Protests in several major cities across the US turned violent as weeks of civil unrest and clashes between activists and authorities boiled over.
Police and racial justice protesters clashed in another tumultuous night that saw scores arrested after demonstrators took to the streets and police in some cities dispersed crowds with tear gas and pepper spray.
In Austin, Texas, a man was shot and killed in the midst of a downtown rally. In Richmond, Virginia, a truck was set ablaze outside police headquarters. Outside of Denver, Colorado, a vehicle sped through a crowd of people marching down a highway, when a shot was fired injuring a protester, police said.
The focal point of the protests continued to be in the Pacific North-west, where a week of clashes between activists and federal agents in Portland, Oregon, pumped new energy into a movement that began in the wake of George Floyd's death in police custody in Minneapolis, on May 25.
In Portland, the authorities declared a riot after protesters breached a fence surrounding the city's federal courthouse building. The "violent conduct of people downtown" created a "grave rise of public alarm," the Portland police wrote on Twitter.
Federal agents and local police demanded that protesters leave the area and used tear gas to try to disperse them. But the activists stood their ground. Several people were arrested.
A Marriott hotel in downtown Portland was shut down, and guests were asked to leave after hundreds of protesters demonstrated outside because it was believed that federal agents were staying there.
The crowd waved signs with messages such as "No more brutality!" as they stood on the riverside parkway outside the hotel and chanted: "Kick them out, Marriott!"
In Seattle, police declared a riot on Saturday afternoon and used pepper spray and flash grenades in an attempt to disperse a crowd of roughly 2,000 people in the Capitol Hill neighbourhood, marching in the city's largest Black Lives Matter protest in more than a month.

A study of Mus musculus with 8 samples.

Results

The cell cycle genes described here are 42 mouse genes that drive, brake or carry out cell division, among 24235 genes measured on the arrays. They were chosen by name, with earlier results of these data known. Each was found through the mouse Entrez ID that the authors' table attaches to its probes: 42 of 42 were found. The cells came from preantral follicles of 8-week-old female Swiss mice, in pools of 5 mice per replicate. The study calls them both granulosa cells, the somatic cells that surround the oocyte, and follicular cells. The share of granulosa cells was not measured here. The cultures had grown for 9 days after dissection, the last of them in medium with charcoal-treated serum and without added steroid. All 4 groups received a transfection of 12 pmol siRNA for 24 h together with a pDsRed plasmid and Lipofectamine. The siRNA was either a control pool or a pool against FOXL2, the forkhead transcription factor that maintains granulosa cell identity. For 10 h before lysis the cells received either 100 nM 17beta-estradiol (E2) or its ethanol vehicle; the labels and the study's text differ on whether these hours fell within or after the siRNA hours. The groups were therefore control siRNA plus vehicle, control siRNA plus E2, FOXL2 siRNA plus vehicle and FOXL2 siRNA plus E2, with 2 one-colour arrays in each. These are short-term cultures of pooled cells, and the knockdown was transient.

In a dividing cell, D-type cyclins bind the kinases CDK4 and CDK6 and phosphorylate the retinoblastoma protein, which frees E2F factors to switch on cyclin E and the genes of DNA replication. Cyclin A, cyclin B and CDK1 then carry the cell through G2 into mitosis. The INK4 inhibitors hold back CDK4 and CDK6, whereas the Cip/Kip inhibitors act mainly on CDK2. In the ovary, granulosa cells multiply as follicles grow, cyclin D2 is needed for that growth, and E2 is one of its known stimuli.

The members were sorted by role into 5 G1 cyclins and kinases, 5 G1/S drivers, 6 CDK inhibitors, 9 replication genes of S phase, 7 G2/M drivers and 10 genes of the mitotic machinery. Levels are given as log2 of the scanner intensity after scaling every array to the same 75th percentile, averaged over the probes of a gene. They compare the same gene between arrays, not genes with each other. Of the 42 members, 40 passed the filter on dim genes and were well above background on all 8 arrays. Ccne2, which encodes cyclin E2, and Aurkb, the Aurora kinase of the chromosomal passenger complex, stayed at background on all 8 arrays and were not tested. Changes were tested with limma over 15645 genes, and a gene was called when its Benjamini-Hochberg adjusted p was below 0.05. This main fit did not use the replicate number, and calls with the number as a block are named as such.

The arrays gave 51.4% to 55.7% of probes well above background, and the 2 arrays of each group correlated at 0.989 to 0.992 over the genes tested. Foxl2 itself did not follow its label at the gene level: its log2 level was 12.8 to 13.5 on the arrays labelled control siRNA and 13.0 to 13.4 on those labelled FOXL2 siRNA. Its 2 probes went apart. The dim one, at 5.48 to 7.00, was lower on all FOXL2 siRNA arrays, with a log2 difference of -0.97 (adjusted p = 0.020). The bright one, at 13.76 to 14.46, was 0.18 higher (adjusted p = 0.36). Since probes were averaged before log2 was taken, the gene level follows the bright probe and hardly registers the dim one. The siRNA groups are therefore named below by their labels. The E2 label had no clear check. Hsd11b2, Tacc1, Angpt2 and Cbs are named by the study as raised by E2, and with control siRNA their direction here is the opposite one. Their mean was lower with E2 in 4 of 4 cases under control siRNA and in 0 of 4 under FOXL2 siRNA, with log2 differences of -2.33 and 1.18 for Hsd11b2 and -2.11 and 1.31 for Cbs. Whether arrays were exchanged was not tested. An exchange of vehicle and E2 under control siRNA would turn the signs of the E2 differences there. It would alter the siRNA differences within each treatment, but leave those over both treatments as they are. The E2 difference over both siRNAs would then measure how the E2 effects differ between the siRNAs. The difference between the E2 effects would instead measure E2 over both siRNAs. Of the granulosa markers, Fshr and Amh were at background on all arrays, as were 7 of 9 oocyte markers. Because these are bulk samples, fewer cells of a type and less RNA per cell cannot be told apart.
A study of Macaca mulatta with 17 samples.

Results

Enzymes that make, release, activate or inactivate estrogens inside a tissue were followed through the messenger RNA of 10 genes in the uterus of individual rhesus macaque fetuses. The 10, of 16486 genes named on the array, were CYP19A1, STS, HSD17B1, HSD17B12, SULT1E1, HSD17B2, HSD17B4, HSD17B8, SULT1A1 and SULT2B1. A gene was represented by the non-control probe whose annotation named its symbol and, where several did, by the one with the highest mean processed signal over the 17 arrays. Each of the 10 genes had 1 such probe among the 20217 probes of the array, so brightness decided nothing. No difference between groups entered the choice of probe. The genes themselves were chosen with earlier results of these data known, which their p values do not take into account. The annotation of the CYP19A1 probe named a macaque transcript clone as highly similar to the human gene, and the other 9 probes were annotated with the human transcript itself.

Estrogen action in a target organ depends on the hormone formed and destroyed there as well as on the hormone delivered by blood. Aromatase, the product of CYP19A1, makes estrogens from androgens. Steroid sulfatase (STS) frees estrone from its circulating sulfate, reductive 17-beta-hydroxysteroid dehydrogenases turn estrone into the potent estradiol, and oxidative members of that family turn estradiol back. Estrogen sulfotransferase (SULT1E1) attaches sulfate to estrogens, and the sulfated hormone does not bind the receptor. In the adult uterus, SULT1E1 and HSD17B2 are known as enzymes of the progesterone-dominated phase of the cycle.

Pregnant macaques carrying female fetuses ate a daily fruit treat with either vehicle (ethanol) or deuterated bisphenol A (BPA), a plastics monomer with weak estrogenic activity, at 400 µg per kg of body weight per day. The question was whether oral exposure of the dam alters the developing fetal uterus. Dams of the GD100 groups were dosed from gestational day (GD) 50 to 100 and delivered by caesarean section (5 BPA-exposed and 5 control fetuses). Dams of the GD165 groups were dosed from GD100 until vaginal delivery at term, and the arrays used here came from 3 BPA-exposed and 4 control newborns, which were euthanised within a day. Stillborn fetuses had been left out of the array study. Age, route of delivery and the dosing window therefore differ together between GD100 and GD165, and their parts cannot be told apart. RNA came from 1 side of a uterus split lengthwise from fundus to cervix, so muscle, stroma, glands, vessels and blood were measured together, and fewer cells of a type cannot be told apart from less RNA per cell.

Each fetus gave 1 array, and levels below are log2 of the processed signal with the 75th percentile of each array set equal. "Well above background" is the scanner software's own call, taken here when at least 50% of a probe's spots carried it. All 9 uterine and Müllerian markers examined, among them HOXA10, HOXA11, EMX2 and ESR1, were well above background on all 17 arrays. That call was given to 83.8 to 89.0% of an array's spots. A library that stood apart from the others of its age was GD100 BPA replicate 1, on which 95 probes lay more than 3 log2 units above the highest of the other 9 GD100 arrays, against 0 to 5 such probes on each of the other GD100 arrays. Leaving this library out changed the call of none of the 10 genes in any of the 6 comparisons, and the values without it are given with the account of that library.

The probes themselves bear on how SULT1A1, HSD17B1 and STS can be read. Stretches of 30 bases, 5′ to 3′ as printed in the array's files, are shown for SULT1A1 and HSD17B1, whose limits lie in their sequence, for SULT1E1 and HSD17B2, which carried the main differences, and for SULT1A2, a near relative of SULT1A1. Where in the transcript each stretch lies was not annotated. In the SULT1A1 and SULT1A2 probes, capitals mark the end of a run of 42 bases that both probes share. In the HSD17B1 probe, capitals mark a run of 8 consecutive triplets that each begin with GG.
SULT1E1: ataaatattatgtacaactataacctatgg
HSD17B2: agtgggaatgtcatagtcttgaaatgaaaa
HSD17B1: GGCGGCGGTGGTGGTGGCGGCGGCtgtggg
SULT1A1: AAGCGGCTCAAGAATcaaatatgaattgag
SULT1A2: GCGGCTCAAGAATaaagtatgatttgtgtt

Nightly protests since Mr Floyd's killing had dwindled in recent weeks in Seattle.
But they were reinvigorated in the wake of federal action in the Portland protests and after Democratic Washington governor Jay Inslee tweeted that President Donald Trump had sent federal law enforcement agents to the city.
Seattle mayor Jenny Durkan, a Democrat, also said the president 'continues to exacerbate the situation on the ground, endanger communities, and jeopardise the work of local officials'. Portland's Democratic Mayor Ted Wheeler, who was tear-gassed last week as he joined protesters, has described the agents an "occupying force."
But on Sunday, Mark Meadows, the White House chief of staff, defended the presence of federal agents there, saying they're protecting a courthouse targeted by protesters.
"It has not only been vandalised, but they're trying to burn it down," he said on ABC's 'This Week'. "We can't have this in American cities. You've got people there and fencing there, but they're throwing Molotov cocktails, and doing all kinds of rioting."
In Aurora, Colorado, protesters marched on Interstate 225 in protest at the death of Elijah McClain, who died after being put in a chokehold last summer. A vehicle sped through the crowd, sending protesters running for safety.
"A protester decided to fire off a weapon, striking at least one other protester" police said on Twitter. That person was in stable condition yesterday.
On Austin's Congress Avenue, normally a site for music venues and bars, police were monitoring a crowd of protesters on Saturday night when senior officer Katrina Ratcliff said shots were fired, killing a man. The suspect was detained, she said, "and is cooperating with officers."
"Someone dying while protesting is horrible," Mayor Steve Adler of Austin said in a statement. "Our city is shaken and, like so many in our community, I'm heartbroken and stunned."